Stormy weather


My good friend, Dr Ismaila Ceesay, the leader of CA, Citizens’ Alliance, has been on his feet since he understood the terrible consequences of the storm. He has been traveling all over the country to see the damage and has created fundraising to try to help those who are suffering. Ten people died in the storm! That is 10 too much and it shouldn’t have happened. I don’t blame Barrow for the storm, but I do blame him for neglecting his people. He was elected to be the president for all the people of The Gambia, and not for himself and for what he can gain. I suppose he slept well in the State House, perhaps woke up for a while to turn his pillow so he could keep on snoozing on the colder side of it. I hope the storm didn’t bother him too much, but he has two wives so at least one of them could comfort him, pat his back and make him go back to sleep.

Today, I saw some photos, taken by a camera installed in a drone. The drone is able to reach where it is hard for us people to reach. It flies in the sky and can give us great information about the damage. So many houses are broken, roofs have been destroyed and the corrugate is everywhere except from where it should be. In CRR we have a lot of people whose homes have been destroyed and they are sheltering in a school. The things in their homes, which haven’t been damaged by rain and rubble, can easily be stolen as no one is there to watch over them. Opportunity makes the thief, as we all know. Imagine to be forced to stay in a place where you have no mattresses, no possibilities to cook for you and your family. You don’t have enough toilets for all these people and you are worried about your home and your belongings.


How will people be able to pay to repair for all the damage that has been done? Where is the help from those who have the funds? Are they so relieved that they haven’t suffered anything themselves so they have forgotten those who actually are paying their salaries? Ok, so President Barrow showed some little concern, telling that people are in his ”thoughts and prayers” as American politicians use to say in times of disaster. The president told that there will be an assessment of all the damage and what it will cost to repair and replace. All of us know, who has been in contact with the Gambian government for some reason, that they work slower than dead snails.

There are funds that can and must be used for this kind of help, but what about the urgent needs? The president finally left his comfort zone and traveled around in The Gambia, but not immediately as Dr Ismaila Ceesay did. No, it was better to stay in the State House, in a comfortable armchair in front of the AC and listen to the reports from people on the ground before he finally decided to go and see for himself. President Barrow is not a president for the whole Gambia, he is not a leader more than by his title. A leader is always in the forefront, a leader is always concerned about those he leads. He knows that he is nothing without them. A leader is humble, caring and always willing to leave his comfort zone to serve his people. Dr Ismaila Ceesay is a true leader. Those of you who have judged him as someone who believes he is above others are wrong.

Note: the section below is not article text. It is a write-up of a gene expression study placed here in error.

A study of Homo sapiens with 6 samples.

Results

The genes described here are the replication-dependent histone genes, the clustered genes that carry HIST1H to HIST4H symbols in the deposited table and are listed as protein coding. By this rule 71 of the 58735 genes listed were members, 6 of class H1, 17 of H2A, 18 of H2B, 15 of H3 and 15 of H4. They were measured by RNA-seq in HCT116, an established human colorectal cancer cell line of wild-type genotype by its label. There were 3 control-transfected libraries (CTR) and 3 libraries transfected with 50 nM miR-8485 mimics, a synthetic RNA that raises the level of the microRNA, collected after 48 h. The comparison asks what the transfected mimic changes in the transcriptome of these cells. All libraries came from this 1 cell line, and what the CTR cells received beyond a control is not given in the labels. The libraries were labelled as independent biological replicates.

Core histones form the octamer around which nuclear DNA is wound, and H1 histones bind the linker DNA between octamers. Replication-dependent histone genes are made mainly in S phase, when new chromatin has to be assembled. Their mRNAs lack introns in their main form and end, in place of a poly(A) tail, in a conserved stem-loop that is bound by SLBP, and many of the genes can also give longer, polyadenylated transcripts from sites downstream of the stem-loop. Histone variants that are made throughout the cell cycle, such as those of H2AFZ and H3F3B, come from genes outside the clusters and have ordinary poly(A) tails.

Dr Ismaila Ceesay has dedicated his whole life for The Gambia and her people. He has studied hard, he has lectured, he has written articles and in so many ways been here for you all the time. He was the one who started the chain of demands for Yahya Jammeh to step down. With the risk of his and his family’s lives he wrote an open letter demanding that Jammeh should accept his fate and step down. Those of you who believe that you know how he is, what do you actually know? Yes, Dr Ismaila Ceesay is a highly educated man and is it not about time that we finally got that in the role of leader for the country? Haven’t we had enough ignorant people in leadership positions here already?

Most of our political parties in The Gambia are cults built on one person and one person only. What happens the day that person is not here anymore, if that person has died? A political party must have a strong manifesto which will survive no matter how many leaders it has seen. The largest political party in Sweden, the Social Democratic Party, is more than 100 years old. Obviously this party hasn’t had the same leader as when it was founded. The political manifesto for this party is strong enough to survive leader after leader, times of hardship and times of being questioned by so many. If you have a strong manifesto and a lot of people who believe in it and are prepared to work for the party , voluntarily or not, the party will survive and thrive.

Try to challenge yourself and find out what the different presidential candidates are promising you. If it sounds too good to be true, it often is. People tend to have a short memory and that is what people like Adama Barrow is using. He has been waiting until the last minute to do some improvements of the country, because he knows that people already have forgotten the past. What president Barrow added to his ”thoughts and prayers ” speech was to tell people to take better care of their homes. Isn’t that like a kick in your stomach? Most people are struggling with surviving, too many can’t afford to buy their own homes.

A lot of people live in the same house, often there is only one of them who has an income and who must support all the others. There is no money left for good quality corrugate, new cement and everything you need to maintain your home. If you don’t even own it, you would of course not invest a lot of money in the building. President Barrow is Gambian and he should know all this. I am a toubab from Sweden but I seem to know more than this guy. Perhaps he should call me? I could give him some advice, I have a lot to say but I am not sure he will be able to stay awake the whole time.